Breast reduction (or reduction mammaplasty) is an enhancement procedure that reshapes the breasts in order to make them smaller, lighter, and firmer. Reduction is accomplished by removing excess fat, glandular tissue, and skin. Large breasts can cause physical pain as well as emotional and social anxiety. Women who take advantage of the breast reduction procedure find that they are able to lead a healthier, more comfortable life, in addition to enjoying a beautiful, more proportionate appearance.
Reasons for Considering a Breast Reduction:
- Back, neck or shoulder pain caused by heavy breasts.
- Sagging breasts produced by their large size.
- Disproportionate body frame attributed to oversized breasts.
- Restriction of physical activity due to the size and weight of the breasts.
- Painful bra strap marks and/or rashes as a result of large breasts.
Techniques for breast reduction vary; however, the most common procedure involves an incision that circles the areola. From the areola, the incision goes down and follows the natural curve under the breast. The surgeon then removes excess glandular tissue, fat, and skin. Next, the nipple and areola are repositioned to a higher position and held in place by stitches. Occasionally, liposuction alone can be used to reduce breast size. The best procedure can be determined during the initial consultation visit.
Of all plastic surgery procedures, breast reduction results in the quickest body-image changes. Patients are pleased with the elimination of physical pain caused by large breasts as well as a better proportioned body, an enhanced appearance, and better fitting clothes.
Generally, post-operative instructions call for plenty of rest and limited movement in order to speed up the healing process and reduce the recovery time. Bandages are applied immediately following surgery to aid the healing process and to minimize movement of the breasts. Once the bandages are removed, a specialized surgical bra will need to be worn for several weeks. Patients sometimes report minor pain associated with surgery. Any pain can be treated with oral medication. While complications are rare, patients can minimize potential problems by carefully following the instructions given after surgery.
Before you make your final decision, I would like you to read one of the letters from my former patients, who is also a nurse.
When I was in the 6th grade I started developing, and boy did I. I had much larger breasts than any girl in my class. Every year it was the same way and I felt very self conscious, as I was teased a lot. I could never wear the same types of outfits that the other girls were wearing because most of them really accentuated my breasts. So, I found myself wearing very loose fitting shirts, bib overalls, anything that would hide them. When I did wear something, such as a prom dress, I would receive lots of stares and many comments. I would even hear comments that were made by some of the girls, such as, “she is just a slut, look at her flaunting those big boobs. Can you believe her?”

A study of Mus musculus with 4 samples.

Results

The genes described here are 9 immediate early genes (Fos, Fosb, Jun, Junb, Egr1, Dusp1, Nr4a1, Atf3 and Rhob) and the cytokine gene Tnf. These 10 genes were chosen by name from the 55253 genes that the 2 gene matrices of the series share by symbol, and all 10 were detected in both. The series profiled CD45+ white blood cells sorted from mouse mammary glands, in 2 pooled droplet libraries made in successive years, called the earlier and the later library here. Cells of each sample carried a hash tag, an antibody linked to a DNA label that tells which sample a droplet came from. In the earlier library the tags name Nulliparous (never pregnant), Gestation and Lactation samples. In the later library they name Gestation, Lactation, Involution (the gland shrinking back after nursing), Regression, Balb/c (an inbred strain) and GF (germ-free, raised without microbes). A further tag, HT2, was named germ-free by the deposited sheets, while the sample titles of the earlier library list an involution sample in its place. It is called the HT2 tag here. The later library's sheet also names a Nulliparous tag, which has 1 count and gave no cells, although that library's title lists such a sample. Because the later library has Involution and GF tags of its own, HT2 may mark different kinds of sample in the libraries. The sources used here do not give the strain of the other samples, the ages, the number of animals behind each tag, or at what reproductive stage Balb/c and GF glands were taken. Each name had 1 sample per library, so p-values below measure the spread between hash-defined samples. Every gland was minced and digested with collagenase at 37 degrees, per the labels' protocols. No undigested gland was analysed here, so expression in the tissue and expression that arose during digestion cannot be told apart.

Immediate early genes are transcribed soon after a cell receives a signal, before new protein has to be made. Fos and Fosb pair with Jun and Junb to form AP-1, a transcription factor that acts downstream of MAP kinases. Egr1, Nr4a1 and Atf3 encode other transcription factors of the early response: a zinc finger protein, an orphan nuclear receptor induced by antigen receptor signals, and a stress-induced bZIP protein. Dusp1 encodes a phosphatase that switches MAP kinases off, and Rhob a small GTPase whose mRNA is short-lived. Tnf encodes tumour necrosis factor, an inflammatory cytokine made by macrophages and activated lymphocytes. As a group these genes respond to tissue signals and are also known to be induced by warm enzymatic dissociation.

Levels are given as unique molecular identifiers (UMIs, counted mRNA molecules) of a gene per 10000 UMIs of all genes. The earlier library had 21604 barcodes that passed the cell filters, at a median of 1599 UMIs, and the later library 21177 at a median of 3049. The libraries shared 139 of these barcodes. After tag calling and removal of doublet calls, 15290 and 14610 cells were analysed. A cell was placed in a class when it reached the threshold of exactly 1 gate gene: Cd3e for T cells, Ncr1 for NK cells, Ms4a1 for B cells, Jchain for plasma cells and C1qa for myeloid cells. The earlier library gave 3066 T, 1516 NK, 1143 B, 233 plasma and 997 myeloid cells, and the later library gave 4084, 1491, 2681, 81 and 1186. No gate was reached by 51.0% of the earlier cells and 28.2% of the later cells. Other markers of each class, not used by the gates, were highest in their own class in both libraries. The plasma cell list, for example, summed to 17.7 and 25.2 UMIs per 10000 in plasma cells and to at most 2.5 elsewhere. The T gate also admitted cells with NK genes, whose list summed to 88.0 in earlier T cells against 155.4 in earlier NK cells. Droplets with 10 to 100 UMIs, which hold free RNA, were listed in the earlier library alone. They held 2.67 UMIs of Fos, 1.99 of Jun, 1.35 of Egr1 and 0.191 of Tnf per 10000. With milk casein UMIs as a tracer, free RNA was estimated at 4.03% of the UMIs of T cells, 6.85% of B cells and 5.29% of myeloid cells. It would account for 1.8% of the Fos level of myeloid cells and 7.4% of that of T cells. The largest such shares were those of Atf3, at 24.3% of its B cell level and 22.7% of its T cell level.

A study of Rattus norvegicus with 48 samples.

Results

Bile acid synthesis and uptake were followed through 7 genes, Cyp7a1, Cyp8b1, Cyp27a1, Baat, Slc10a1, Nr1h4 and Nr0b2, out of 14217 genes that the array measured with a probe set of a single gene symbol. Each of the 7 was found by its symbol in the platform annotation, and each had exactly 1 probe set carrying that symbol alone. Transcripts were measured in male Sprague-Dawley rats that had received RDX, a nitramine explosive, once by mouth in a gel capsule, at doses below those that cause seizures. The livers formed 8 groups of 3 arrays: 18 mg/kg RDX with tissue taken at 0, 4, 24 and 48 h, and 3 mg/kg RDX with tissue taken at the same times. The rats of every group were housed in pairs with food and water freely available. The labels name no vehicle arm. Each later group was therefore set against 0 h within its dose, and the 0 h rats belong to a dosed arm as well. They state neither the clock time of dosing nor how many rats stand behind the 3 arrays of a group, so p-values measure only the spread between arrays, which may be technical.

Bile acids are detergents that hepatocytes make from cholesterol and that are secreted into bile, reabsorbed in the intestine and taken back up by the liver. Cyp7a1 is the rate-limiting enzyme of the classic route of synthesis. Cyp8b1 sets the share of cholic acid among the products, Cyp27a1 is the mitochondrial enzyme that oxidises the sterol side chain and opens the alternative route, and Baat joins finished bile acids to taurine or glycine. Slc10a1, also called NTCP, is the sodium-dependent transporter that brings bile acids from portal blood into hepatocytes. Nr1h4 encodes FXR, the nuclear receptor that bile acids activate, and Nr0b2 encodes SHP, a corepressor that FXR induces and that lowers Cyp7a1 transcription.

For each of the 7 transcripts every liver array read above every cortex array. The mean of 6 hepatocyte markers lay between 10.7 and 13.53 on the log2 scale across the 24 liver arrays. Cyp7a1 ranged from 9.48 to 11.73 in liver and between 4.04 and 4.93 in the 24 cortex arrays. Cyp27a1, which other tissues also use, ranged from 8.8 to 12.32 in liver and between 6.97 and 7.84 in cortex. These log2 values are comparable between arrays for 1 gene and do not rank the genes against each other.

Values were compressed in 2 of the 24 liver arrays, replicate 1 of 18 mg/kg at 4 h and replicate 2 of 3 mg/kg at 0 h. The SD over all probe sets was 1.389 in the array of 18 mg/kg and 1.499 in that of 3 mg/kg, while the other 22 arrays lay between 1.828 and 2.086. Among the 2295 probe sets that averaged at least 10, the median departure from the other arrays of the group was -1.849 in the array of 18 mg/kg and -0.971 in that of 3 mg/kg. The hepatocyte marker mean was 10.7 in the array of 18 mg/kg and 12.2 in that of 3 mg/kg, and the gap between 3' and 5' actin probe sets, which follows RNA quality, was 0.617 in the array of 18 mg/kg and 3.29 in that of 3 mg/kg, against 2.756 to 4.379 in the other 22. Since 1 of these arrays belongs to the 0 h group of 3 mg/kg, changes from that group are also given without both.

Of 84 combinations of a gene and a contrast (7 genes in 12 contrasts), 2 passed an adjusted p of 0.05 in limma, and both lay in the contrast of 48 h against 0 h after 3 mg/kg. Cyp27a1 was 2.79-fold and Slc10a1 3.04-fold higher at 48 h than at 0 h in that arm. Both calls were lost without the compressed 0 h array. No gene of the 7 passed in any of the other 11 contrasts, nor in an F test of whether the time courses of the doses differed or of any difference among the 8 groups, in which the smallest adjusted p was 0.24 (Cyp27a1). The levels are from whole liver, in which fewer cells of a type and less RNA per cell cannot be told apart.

I felt like the only reason why guys would ask me out was because of my breasts. I even heard a friend, of one of the guys who had asked me out, making comments about how lucky he was, and stating “maybe you will get to see or even touch those huge breasts of hers.”
When I tried out for the drill team (a group kind of like the golden girls at Mizzou) and was selected to be on the team, there were comments made in reference to the fact that the only reason why I was selected was because of my breasts, not that I had any talent.
At our senior dinner, for graduation from high school, they wished me and my “Grand Tetons” the best in life. I wanted to crawl under the table. Even when I went to college things were the same. I wished there was something I could do to convince people that I was not the way they thought I was. But, there seems to be a stigma that goes along with having large breasts.
When I would go to apply for a job, I would notice that most of the time the person I was interviewing with would not be talking to my face, but instead talking and staring at my chest. It was that way most everywhere. I got to the point where, at times, I would say something that would alert them to the fact that it offended me that they were staring at my chest.
The other thing, that people did not know, was that I was very uncomfortable with large breasts. My back and neck hurt. I had indentations in my shoulders where my bras would cut in from carrying such a large load. I even had headaches because of the stress it put on my back and neck. Along with the very low self-esteem I had.
One of the best things I have ever done in my life was to get a breast reduction. I feel so much better. No more back or neck pain and my self-esteem is much better. I even proudly talk to other people about having had my breast reduction and how much it has helped me. Since I am a nurse, I have the opportunity to help inform people of what to expect and what benefits there are from having a breast reduction done.